Nothing is more essential to our being than our building practices given that the world into which we are being is always a built world.
- Robert Pogue Harrison
Understanding the idea of place helps us figure out who we are in relationship to the world. Buildings and architecture are critical components of our communities; we experience life through our built environment. The socioeconomic system of capitalism informs how we ascribe meaning to these buildings because it generates a variety of economic forces that determine when buildings are useful and when they become obsolete. Therefore, it can be argued that our economy, which is driven by a capitalist system, greatly shapes our sense of place.
I have chosen to explore how economic forces impact our sense of place by photographing three distinct but related series: abandoned factories, former schools, and closed car dealerships. Focused around specific building types, each of these series visualizes the consequences for communities when economies experience drastic decline. As corporations choose to hire cheaper labor in other countries or implement production modes that require different structures, as people move from our urban core to newer suburbs, and as producers of the ultimate symbol of personal freedom in America (i.e. G.M. and Chrysler) falter after years of poor business choices, these buildings become monuments to the ideals of the past. While each of these series examines place in a unique way, the common underlying theme is the idea that changes in the broader economy evidenced by the transitions of buildings into obsolescence effect our communities.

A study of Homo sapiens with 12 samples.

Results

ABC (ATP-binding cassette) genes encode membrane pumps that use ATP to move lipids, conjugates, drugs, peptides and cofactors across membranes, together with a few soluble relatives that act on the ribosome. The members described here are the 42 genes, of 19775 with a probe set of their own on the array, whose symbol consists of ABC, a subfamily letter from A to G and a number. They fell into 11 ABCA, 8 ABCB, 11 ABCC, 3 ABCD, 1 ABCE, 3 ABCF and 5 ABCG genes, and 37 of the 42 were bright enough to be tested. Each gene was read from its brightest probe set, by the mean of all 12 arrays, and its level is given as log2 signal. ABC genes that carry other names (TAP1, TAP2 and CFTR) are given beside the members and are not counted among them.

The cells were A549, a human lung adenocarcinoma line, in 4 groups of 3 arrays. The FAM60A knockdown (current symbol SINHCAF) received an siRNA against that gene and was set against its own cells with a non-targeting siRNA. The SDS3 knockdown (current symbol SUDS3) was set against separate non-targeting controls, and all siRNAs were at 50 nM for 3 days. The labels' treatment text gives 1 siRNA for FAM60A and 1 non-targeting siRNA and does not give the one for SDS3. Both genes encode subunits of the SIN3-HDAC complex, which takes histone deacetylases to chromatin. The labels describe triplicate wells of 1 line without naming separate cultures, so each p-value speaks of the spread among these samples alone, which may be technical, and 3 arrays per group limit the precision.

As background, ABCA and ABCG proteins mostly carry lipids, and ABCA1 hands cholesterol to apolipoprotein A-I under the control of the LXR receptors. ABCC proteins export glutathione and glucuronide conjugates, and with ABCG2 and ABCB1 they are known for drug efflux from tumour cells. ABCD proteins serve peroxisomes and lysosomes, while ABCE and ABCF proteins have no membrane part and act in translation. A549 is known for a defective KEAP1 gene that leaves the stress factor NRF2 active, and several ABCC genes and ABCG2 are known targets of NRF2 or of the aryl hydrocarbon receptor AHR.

As pictured, each of the factories, schools, and car dealerships is in a state of transition, yet has a distinct history. The images preserve this history, as well as communicate that the future of these structures is uncertain. This, indeed, is a characteristic of photography, to capture time at a specific point in history for recollection. Some of these buildings will be converted to a new use, perhaps some will be demolished, and some will remain vacant for years to come. The markings left behind tell the story of what the buildings were and how they functioned.